TW Viewpoint | The Bridge and Our Relationships?

December 24, 2021 | Javid Khan


These two brothers — I'll call them "Ken" and "George" — had purchased farm properties divided by a small ditch. This ditch, no more than several feet across but with steep walls, had a stream that flowed seasonally depending upon the amount of rainfall over the fields surrounding the two properties. Spanning the ditch was what was affectionately referred to as "The Bridge".

"The Bridge" was actually just a wooden board, measuring two inches thick by eight inches wide and three feet in length, that allowed someone to cross the waterway without resorting to the non-genteel act of a running jump. For the more sophisticated, there was usually "The Bridge" — but sometimes it was not available.

This old plank had more significance than just a crossover from farm to farm; it was a barometer of the relationship between the two siblings. If they ever had a falling out, the passage was closed. This was accomplished by the simple act of pulling the plank from the opposite bank to rest on just one side. Bridge closed. Whenever the matter was reconciled, "The Bridge" was returned to its original position and the way re-opened. The closure could be short-lived, yet sometimes the crossing was decommissioned for long periods while each party considered the "complexity" of the issues.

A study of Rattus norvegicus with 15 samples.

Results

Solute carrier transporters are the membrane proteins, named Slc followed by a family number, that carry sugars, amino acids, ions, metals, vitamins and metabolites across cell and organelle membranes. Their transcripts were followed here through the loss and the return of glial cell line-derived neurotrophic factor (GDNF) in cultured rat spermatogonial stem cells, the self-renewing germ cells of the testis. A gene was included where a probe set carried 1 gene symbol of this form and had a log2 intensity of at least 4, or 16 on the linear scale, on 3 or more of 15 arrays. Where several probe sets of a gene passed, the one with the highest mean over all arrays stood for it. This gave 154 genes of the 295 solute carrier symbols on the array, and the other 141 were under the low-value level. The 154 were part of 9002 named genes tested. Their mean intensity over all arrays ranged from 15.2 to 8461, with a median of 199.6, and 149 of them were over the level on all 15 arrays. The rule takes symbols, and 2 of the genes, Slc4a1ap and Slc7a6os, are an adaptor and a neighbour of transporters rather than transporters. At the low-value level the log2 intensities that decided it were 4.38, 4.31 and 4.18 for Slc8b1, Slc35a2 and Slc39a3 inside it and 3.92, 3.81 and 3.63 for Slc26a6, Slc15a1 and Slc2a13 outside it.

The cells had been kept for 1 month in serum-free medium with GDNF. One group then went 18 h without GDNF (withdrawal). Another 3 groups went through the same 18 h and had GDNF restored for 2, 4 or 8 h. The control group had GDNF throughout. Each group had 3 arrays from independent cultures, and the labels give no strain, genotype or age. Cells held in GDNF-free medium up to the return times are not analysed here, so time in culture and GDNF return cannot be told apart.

But during one extended period of deliberation, "The Bridge" mysteriously disappeared!

Ken and George were faced with a new and unique problem: Where would such an item of significance be taken? How could someone abscond with this prized commodity? Who could have the audacity to remove from a man's property such a tool of convenience?

The differences leading to the original dispute and separation vanished as the duo united in a diligent hunt for the purloined platform. They searched most of the county, but not a splinter of the tattered timber was ever discovered. However, from that moment on, the relationship between these men changed remarkably.

Their wise and elderly mother later hinted at having a part in her two quarrelsome boys' transformation, saying, "In the grand scheme of life, we all need to come to the point when we 'bury the hatchet', 'let bygones be bygones', or simply make peace with one another by finding a cooperative goal, the brothers were able to overcome their differences — no matter who was ultimately responsible for the grand theft of "The Bridge".

An ancient Biblical directive states: "You shall love your neighbour as yourself". This statement underpins the story. These words place on each of us a profound responsibility for the connections that come our way in this life. Our aim should be to positively affect each person with whom we come in contact.

The brothers soon fully reconciled and jointly replaced "The Bridge". They positioned a concrete culvert in the ditch, upon which a wooden walkway with handrails was constructed to permanently connect the two yards. More importantly, the family was amazed at how such a simple matter created a permanent change between these two brothers.

Of course, the whereabouts of "The Bridge" remained mostly obscured as the years passed — at least to Ken and George. Only occasionally does anyone even remember this story while swaying on the weathered wooden board, suspended by a rope from a nearby Oak tree, that has come to be called "The Swing".

To further examine this idea, consider watching our video: "Are you a good person?"

Adapted from "The Bridge" by Lehman B. Lyons Jr.